Abstract 5522: Niacin Increases HDL Through Reduced Phospholipase A1 Activtiy And CETP mRNA Stability In The Mice Expressing Human ApoA-I And CETP
Introduction: Niacin is one of the most potent drugs available to increase high density lipoprotein cholesterol (HDL-C) levels. However the mechanism responsible for the HDL-C increase in response to niacin is not fully understood. We examined the effect of niacin on HDL-C using a humanized mouse model of HDL metabolism, human apoA-I transgenic mice expressing CETP.
Methods and Results: Human apolipoprotein A-I transgenic (hA-I tg) mice (n=18) were transduced with adeno-associated virus (AAV2/8; 1.0 x 1010 gene copies) containing CETP with a liver-specific thyroxine binding globulin (TBG) promoter or control virus. Two weeks following transduction, mice were fed either a chow or chow containing 3% niacin for 2 weeks. Niacin treatment significantly increased HDL-C (34%; p<0.01) in hA-I tg mice expressing CETP. We did not see HDL-C increase in mice injected with control virus following treatment with niacin. Niacin reduced CETP protein mass 78% (p<0.01) and mRNA by 97% (p<0.01) compared to chow in hA-I tg mice expressing CETP, but did not change mRNA levels of endogenous TBG mRNA. Niacin significantly reduced plasma PLA1 activity, of which hepatic lipase and endothelial lipase activity are major contributors, by 19% (p<0.01) in hA-I tg mice expressing CETP compared to chow fed mice. EL mRNA and HL mRNA expression in the liver significantly reduced with niacin treatment. There was no effect of niacin on LCAT or SR-BI expression in liver.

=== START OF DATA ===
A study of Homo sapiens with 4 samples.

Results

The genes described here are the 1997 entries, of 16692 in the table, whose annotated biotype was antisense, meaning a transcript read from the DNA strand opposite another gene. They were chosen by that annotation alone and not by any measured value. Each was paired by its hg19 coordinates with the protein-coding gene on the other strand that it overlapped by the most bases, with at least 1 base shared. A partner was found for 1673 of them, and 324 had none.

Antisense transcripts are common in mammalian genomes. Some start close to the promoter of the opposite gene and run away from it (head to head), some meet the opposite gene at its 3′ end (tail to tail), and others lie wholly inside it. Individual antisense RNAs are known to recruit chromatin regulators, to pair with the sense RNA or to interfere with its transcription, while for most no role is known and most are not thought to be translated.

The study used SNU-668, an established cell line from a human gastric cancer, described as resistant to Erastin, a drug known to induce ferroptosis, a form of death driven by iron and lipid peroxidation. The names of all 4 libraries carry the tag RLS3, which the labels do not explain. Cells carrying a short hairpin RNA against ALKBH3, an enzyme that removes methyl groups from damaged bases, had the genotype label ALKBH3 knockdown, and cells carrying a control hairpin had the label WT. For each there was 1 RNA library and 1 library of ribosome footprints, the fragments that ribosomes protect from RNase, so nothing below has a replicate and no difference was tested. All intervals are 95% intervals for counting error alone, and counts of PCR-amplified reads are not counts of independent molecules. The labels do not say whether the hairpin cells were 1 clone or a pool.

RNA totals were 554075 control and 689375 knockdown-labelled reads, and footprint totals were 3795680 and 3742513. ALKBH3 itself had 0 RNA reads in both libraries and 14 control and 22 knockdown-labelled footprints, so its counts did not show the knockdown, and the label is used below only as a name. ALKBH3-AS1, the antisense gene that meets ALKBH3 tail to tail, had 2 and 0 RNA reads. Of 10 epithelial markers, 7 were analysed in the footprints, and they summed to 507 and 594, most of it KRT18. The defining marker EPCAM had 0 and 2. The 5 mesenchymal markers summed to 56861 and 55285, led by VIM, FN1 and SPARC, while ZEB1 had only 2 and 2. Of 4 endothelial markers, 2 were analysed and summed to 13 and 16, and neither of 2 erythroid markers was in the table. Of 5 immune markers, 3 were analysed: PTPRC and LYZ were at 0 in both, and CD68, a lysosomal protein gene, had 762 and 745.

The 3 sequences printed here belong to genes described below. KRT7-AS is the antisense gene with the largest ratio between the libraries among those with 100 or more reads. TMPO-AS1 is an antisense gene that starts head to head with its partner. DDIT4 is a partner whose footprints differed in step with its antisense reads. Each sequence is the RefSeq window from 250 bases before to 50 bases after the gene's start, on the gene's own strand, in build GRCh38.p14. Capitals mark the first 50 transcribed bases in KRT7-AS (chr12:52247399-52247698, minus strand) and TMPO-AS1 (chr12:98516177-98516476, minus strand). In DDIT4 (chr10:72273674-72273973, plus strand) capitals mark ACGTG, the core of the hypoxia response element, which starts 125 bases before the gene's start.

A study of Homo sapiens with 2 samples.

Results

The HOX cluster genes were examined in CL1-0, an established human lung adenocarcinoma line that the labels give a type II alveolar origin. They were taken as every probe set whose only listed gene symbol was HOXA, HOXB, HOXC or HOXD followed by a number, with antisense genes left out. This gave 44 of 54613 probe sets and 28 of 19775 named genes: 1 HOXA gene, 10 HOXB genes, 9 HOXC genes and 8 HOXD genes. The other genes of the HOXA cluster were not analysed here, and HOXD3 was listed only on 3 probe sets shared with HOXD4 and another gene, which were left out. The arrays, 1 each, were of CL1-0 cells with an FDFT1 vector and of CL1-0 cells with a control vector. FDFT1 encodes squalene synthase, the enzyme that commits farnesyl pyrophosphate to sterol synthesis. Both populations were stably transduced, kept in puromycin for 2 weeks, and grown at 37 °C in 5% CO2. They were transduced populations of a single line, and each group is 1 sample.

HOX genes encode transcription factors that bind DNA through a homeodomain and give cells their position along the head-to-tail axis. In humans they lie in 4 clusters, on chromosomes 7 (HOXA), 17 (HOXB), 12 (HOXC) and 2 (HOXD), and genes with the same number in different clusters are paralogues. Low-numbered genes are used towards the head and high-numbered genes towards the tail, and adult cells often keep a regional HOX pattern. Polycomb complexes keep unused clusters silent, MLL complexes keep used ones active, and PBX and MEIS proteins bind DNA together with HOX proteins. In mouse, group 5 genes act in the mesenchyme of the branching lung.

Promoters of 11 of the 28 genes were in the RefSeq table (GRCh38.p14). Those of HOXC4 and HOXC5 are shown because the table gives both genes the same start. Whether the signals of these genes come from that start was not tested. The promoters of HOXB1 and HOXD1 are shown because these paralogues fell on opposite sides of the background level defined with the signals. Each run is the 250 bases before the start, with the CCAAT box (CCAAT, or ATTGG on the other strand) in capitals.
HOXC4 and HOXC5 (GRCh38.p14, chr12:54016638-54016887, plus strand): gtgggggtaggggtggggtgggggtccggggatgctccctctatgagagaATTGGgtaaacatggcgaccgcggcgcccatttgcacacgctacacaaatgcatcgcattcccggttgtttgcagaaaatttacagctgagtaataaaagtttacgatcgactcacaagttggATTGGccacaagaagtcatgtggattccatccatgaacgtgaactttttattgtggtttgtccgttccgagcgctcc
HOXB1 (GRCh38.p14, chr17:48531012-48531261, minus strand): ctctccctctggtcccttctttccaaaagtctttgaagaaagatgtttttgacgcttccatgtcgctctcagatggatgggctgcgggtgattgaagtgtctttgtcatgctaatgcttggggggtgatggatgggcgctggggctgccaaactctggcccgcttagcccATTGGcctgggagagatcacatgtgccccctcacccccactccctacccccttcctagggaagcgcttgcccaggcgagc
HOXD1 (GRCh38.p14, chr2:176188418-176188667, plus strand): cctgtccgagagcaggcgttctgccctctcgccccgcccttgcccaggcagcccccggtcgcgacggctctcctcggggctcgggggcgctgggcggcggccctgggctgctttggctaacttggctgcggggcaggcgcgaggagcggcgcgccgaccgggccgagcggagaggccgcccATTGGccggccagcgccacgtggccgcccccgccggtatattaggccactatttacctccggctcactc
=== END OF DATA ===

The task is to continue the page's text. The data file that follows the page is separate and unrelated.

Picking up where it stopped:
Conclusion: Treatment of hA-I tg mice expressing CETP with niacin significantly increased HDL-C. This increase was due to reduced PLA1 activity and a novel effect of niacin on reducing CETP mRNA stability. These results suggest that multiple effects contribute to the niacin-mediated increase in HDL-C.